At 6 feet 5, Brian Credito towered over the scene at Mangroves restaurant. Where'd he come from, cooed Melissa Meier, gulping some vodka courage before approaching. Such boldness was a stretch, even for an extrovert like her. "But he was so tall,'' Meier said. And she's 5-10. "Dating is difficult enough, but to find someone who I can reach up and kiss in 3-inch heels?"
Credito was polite but unavailable. He was there with a date.
Opportunity knocked and passed, but left a lasting impression. Six months later came a second chance.
• • •
Remember me, asked Credito?
Of course, said Meier, out loud.
(To herself: It's him!)
"Where's your girlfriend?" she asked, out loud.
(To herself: Please let her be history.)
She wasn't his girlfriend, just a date, and she was long gone. In fact, Credito had been stopping by the bar every Friday for weeks, hoping to rewind the encounter with Meier.
"Ask Mario," he said with a nod to the bartender for confirmation.
He took her to dinner the next week, in late November 2007, but learned he might be too late.
Meier was considering a move back to Pennsylvania, where her mother was fighting breast cancer.
But Maryland native Credito wasn't about to let her slip away again. A former wide receiver for the University of Georgia, he is used to completing the play.
"So we took it slow,'' Meier said, "hanging out at the beach and going to the gym."
Things heated up when Meier got the chicken pox.
"We'd only been dating two months," she said.
Reporting the diagnosis to Credito, Meier mentioned that her roommate had never been exposed.
You'll stay with me, he insisted. For two weeks he dotted her with calamine lotion, filled the bathtub with soothing oatmeal and administered TLC (Tender Loving Credito).
"I looked hideous, and he said I was beautiful. He saw me at my absolute worst.''
Meier's mom regained her health, and so did Meier. Soon the couple shared her townhouse south of Gandy Boulevard. Both initially worked in pharmaceutical sales and logged thousands of miles a year on the road. Meier, now 36, became a rabid Georgia Bulldog fan. Credito, 31, agreed to be more of a moviegoer. They subsequently changed jobs — he sells surgical instruments; she is now in diagnostic sales.
One unbearably hot day in September 2008, Credito zipped a diamond engagement ring in a plastic bag before they left for Fort De Soto beach. But no romantic moment materialized.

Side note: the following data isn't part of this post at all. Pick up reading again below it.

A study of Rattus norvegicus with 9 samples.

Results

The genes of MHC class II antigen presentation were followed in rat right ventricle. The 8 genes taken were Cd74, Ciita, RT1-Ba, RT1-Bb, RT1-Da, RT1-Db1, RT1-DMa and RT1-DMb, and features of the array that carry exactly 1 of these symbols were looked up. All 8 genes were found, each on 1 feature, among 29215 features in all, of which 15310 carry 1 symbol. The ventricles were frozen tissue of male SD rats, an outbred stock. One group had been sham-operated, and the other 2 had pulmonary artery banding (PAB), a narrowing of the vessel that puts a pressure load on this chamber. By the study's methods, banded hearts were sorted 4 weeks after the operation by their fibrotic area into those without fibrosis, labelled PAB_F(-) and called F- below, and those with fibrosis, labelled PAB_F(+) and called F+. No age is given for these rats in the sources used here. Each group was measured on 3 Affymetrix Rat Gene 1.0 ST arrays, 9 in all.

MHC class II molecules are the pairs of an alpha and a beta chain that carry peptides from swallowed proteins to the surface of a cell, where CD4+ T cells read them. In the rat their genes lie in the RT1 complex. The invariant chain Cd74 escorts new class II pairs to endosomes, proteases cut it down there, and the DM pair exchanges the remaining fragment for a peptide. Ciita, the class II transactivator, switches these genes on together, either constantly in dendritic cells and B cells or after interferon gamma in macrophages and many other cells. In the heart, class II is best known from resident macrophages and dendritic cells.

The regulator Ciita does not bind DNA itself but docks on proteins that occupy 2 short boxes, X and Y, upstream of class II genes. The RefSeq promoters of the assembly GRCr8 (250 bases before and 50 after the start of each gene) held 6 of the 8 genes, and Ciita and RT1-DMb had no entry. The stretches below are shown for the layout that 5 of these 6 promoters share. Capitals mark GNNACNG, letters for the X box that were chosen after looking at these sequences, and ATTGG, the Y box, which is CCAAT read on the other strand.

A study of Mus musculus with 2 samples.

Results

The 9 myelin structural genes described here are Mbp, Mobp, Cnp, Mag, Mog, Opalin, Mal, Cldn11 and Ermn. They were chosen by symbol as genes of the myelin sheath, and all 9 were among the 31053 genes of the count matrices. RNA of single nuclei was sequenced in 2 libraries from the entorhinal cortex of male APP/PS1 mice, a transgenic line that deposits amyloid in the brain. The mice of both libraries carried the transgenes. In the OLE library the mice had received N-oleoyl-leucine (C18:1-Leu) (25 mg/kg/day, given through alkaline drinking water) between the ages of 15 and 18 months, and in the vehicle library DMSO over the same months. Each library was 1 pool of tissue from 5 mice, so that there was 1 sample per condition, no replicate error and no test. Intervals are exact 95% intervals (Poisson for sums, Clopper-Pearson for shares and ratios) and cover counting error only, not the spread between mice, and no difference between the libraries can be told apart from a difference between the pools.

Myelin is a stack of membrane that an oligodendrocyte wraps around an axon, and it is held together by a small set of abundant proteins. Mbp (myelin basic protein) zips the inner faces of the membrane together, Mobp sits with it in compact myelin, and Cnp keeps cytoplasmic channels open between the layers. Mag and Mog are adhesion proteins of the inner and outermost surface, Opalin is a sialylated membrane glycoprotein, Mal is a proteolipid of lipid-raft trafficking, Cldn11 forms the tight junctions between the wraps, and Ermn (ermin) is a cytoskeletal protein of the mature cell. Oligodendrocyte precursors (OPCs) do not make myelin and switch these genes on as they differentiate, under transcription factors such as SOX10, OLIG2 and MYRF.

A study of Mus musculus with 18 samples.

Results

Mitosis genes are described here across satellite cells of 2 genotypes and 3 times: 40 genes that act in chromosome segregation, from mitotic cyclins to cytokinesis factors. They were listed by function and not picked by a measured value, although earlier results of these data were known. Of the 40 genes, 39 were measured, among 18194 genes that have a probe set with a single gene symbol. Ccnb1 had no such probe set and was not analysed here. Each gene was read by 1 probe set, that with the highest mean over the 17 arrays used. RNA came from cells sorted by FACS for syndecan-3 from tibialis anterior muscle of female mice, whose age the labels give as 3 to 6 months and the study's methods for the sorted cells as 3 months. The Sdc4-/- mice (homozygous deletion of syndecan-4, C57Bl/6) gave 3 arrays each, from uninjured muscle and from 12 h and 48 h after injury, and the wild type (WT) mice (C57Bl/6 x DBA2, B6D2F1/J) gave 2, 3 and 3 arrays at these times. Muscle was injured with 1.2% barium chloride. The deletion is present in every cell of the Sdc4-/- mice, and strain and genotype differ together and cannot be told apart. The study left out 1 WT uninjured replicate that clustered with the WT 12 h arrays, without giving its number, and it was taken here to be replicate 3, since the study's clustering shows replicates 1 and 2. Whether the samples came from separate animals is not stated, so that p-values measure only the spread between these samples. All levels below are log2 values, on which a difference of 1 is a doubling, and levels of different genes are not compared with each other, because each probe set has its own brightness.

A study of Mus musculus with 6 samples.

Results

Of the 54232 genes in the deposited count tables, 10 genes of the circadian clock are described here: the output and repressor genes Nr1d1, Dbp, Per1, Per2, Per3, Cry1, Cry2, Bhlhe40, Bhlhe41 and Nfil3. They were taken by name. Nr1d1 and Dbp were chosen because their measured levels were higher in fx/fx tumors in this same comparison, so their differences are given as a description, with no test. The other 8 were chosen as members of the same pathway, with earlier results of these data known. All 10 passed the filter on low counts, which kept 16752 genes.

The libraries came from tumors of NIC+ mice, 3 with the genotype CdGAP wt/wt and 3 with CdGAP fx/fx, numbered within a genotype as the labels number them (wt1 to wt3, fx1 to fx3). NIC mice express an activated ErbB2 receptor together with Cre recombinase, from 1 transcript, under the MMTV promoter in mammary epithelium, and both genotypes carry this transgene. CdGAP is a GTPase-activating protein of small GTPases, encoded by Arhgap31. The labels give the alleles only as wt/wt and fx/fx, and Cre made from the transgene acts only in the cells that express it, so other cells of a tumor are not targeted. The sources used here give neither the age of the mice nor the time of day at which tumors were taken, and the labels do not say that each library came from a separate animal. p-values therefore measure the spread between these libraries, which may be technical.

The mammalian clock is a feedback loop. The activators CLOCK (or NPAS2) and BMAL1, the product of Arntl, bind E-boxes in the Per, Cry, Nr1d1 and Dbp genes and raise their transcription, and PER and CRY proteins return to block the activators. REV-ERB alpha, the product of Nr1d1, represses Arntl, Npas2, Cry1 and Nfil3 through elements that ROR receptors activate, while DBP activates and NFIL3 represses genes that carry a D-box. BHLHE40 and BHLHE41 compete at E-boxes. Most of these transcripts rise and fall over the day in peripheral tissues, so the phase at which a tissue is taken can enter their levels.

"It was so hot and there were some undesirables there. I just wanted to leave," Meier said. Credito stalled, desperate for inspiration, then gave up and drove home.
Meier showered off the sand, put on pajamas and came downstairs to thank him for ordering some protein powder she wanted and a new T-shirt for tailgating.
"I'm a lucky girl," she said. "Two gifts in one day."
But aren't things supposed to come in threes? Credito asked, staring at his laptop.
On the screen was a picture of the gray T-shirt. Next he clicked on a website for the powder.
"But I'm not so sure about this one,'' he said, clicking on a jeweler's photo of her dream diamond ring.
With that, he reached behind a pillow to find the ring box. He dropped to one knee and asked her to marry him. She cried when she saw that the ring was the one on the screen.
They rushed off to Capital Grille, arriving minutes before closing. When they announced their cause for celebration, the restaurant showered them with confetti, champagne and roses.
Mr. and Mrs. Credito married March 26 on the beach at Carlouel Yacht Club in Clearwater. A two-week honeymoon in Australia followed.
Friends and family members teased them about a genetic-based early retirement plan.
How does that work? Their super tall kids grow up, become professional athletes and take care of them.
Heart Beat is a summer series that features recent intriguing stories of love and marriage. Amy Scherzer can be reached at firstname.lastname@example.org and (813) 226-3332.